CCES-2010-Partisan-Breakdown.jpg

“Independent” Voter Poll Analysis Is Mostly Useless

I can’t take it any more. This drives me absolutely up a wall (and I’m certainly not alone). 

From the IBD/TIPP poll write-up:

A key swing group making up nearly a third of voters, independents favor Romney over Obama 52%-34%.

Independent swing voters make up around a third of voters? No, they don’t. 

From Ed Morrissey at HotAir:

[Polling on “Independents”] suggests that some of the assumptions built into the pollster models are still leaning too far to 2008, and that Romney is actually in better shape than those toplines suggest.

The vote split among “Independents,” as broken out by most polls tells us a lot about the state of the race? No, it doesn’t.

Why? Because most of the “Independent” voters in polls lean toward one or the other party. 

More from Ed Morrissey at HotAir:

Some argue, though, that these independents are in some significant part Republicans who aren’t affiliating themselves with the GOP.  That, however, doesn’t make much sense. 

But it does make a lot of sense. And this isn’t really an argument. It’s just a matter of looking at some facts, some data. These Leaners are, at the very least, as partisan as “Not-Strong” Republicans and Democrats. In fact, in 2010 Leaners of both parties were substantially more partisan than “Not-Strong” identifiers, and Dem Leaners were more partisan in 2008. 

Here are the numbers from the vote-validated CCES 2010 data, with vote for House candidates:

So, why don’t these partisan voters, who vote 85-95 percent for one party or the other, self-identify with one of the two major parties? It could be for a host of reasons . . . 

Leaners in both parties are more ideological than those who weakly identify with a party.  Some of them vote 100 percent for one party, but consider it ideologically wanting, corrupt, compromised. They aren’t “Party” people. Think Tea Party folks, libertarians, hard-core Progressives and Greens. The Democratic Party to a Progressive? A bunch of corporate sellouts and compromisers. But most of them will pull the lever 9 times out of 10 for the Democratic candidate. Same goes for most Tea Partiers and libertarians.

So Mitt Romney is winning “Indies” going away? Great . . . better than not doing so. But in order to say anything at all about what it means for the race, we need to know the split in Leaners and the split among Pure Independents, who really do throw in about 50/50 for each party.

But analyzing the muddled lump of “Independent” voters that most polls break out for public consumption is likely to be a frustrating and pointless use of time.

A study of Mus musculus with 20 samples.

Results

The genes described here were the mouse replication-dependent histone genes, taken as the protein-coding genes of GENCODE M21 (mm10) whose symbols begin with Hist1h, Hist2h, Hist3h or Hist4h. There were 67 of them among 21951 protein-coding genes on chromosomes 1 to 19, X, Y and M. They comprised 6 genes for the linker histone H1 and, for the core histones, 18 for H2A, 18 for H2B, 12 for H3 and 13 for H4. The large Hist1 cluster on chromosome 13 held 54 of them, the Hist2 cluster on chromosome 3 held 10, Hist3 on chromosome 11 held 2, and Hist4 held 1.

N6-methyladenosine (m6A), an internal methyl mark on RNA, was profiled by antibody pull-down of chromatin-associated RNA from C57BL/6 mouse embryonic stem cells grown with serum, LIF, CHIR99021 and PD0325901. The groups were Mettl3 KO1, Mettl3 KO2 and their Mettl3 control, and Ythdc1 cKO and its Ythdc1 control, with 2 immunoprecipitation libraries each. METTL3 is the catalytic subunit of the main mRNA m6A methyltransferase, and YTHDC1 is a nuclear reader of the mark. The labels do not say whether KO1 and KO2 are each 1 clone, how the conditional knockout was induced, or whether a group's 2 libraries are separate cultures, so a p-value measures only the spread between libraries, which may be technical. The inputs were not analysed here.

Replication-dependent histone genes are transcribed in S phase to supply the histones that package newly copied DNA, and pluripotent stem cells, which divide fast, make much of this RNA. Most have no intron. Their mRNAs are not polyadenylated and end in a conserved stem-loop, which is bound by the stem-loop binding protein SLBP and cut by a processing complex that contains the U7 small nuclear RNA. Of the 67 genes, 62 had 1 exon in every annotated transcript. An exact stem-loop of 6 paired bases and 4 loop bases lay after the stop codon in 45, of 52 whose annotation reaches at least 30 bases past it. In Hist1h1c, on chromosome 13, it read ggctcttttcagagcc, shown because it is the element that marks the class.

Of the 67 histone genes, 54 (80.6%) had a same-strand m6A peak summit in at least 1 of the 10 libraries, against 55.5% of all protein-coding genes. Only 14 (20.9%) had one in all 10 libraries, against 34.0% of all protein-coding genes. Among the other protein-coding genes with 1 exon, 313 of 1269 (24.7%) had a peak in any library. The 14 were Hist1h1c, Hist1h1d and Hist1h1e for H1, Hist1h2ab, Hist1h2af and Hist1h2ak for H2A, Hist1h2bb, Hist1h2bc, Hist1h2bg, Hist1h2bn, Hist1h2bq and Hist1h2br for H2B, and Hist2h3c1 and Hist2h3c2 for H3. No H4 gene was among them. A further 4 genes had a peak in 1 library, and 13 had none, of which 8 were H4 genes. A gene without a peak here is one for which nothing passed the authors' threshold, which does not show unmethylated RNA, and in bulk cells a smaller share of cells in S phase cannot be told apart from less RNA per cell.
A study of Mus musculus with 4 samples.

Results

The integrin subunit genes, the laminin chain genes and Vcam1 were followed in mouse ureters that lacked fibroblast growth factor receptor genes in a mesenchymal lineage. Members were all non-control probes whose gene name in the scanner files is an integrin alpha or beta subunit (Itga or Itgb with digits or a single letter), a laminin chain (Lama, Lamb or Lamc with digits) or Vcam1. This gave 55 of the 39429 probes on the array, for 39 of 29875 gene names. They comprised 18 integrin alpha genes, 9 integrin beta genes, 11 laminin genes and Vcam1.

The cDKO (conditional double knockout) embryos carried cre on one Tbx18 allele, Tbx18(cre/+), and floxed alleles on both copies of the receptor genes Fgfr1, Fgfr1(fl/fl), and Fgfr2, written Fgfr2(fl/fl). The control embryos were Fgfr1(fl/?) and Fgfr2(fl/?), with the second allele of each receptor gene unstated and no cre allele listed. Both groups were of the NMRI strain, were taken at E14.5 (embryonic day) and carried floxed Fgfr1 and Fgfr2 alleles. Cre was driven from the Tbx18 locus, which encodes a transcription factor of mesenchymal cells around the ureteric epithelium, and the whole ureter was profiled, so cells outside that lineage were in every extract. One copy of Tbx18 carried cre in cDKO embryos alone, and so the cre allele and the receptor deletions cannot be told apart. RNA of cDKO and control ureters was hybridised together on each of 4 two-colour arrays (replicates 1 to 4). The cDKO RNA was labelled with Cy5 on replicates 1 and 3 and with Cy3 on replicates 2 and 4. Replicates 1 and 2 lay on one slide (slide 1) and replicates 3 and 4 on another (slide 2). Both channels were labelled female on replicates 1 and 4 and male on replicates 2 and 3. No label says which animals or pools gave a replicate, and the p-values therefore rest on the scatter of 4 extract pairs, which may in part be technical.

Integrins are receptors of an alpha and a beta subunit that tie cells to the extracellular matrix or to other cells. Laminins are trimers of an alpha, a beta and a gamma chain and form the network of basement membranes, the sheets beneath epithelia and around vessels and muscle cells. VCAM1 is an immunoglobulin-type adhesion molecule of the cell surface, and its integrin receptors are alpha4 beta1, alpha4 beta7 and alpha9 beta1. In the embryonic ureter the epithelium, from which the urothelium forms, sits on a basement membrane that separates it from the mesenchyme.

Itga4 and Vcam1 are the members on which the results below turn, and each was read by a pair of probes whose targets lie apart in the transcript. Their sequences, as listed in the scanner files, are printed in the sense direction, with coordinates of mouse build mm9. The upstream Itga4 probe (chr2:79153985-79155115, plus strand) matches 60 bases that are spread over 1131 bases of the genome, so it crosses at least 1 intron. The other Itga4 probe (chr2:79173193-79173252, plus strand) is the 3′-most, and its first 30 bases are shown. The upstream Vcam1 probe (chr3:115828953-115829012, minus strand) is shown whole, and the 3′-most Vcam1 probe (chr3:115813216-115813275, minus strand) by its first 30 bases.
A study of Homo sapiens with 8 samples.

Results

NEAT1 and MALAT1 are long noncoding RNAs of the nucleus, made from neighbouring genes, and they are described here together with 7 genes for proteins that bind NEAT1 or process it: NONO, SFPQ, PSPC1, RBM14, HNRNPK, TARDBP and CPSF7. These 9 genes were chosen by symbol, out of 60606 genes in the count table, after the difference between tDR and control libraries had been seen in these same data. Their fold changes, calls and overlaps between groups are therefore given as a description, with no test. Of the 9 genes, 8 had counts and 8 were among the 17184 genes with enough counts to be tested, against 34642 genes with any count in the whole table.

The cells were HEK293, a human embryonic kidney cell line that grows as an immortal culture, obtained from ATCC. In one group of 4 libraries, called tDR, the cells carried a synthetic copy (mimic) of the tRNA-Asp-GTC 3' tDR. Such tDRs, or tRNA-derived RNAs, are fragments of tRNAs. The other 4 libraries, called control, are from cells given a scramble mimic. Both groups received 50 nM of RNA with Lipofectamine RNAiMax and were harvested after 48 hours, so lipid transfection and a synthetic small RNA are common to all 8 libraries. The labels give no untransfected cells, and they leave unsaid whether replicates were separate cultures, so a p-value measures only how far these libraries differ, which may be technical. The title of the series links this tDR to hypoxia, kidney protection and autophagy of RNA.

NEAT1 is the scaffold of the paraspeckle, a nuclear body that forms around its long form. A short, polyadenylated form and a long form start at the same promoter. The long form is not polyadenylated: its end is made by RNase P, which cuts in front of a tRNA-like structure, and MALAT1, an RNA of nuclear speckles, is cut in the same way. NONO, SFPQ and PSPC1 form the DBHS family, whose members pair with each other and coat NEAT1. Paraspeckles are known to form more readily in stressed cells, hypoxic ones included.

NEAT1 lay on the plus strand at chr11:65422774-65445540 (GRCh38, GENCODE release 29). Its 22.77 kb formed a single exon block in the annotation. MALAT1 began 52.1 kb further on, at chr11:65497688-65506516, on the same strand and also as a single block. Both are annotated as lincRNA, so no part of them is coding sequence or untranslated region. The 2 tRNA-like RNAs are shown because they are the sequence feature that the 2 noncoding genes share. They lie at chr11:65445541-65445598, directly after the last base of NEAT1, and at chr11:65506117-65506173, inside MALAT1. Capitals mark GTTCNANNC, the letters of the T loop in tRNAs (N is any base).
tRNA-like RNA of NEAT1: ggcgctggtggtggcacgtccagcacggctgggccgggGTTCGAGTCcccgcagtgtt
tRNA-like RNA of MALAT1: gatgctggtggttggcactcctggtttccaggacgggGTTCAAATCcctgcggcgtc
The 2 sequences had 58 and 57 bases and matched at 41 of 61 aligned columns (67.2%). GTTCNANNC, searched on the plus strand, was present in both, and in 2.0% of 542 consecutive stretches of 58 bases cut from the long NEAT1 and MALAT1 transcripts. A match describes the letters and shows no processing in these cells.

1. Brasidas

    Adam, great insight here on the nature of “Independents.” It reminds me of how often I’ve heard a very conservative talk show host or guest say that he was a NOT registered Republican.

    One question on your table, under the “House Vote Breakdown,” should the Republican column figure for Indies be 37% (as opposed to the 100% showing)?  The other column pairs in that table add up to 100.  Just curious.

  2. Adam Schaeffer
    C

    Many thanks for catching that Brasidas . . . corrected now! You can see Pure Indies went Republican in the House vote 2010 . . . they were about 50/50 on the 2008 Presidential vote.

  3. Brasidas

    Wow.  Quite a swing for Indies to the right then from 2008 to 2010. 

  4. Pilli

    So, why don’t these partisan voters, who vote 85-95 percent for one party or the other, self-identify with one of the two major parties?

    I changed my party affiliation to independent out of disgust.  I just didn’t want the Republican party taking my vote for granted any longer.

  5. Brian Clendinen

    I have always thought self identification was a worthless metric for any type of polling data other than it might help you chosse words when phrasing a marketing campaigin in a specific region. The same goes for Pro-Choice and Pro-Life. A lot of people call themselves Pro-Life but when you get into the details there beliefs are the same as a majority of self identify Pro-Choicers.

  6. Mark Wilson

    Great analysis.  The basic flaw in the standard discussions of independent voters is to assume they view themselves as “the middle” and vacillate between the two major parties.   In fact, a huge number of independents are more extreme than either party and vote for the major party candidate closest to their own strong views.

  7. Wylee Coyote

    In addition, some states don’t have party registration on the voter rolls at all.  Technically, everyone is an “Independent”.

  8. Bartholomew Xerxes Ogilvie, Jr.

    I’m registered as an independent for two reasons. First, I don’t agree with the Republican Party on some issues, even though (since 2001) I now consistently vote Republican. Of course, I imagine that’s true of many who choose to register as Republican.

    For me, the bigger reason is that by answering “independent,” I’m essentially saying “none of your business.” I fail to see why I should be expected to tell the government, in advance, what my political opinions are. The only place I’m going to do that is in the voting booth.

  9. Adam Schaeffer
    C

    Thanks for adding all of the personal color to this . . . it definitely makes sense to me as well. I don’t think very highly of the Republican Party per se, but we all face a decision with essentially only two options. And the Republican candidate is almost always the lesser of two evils.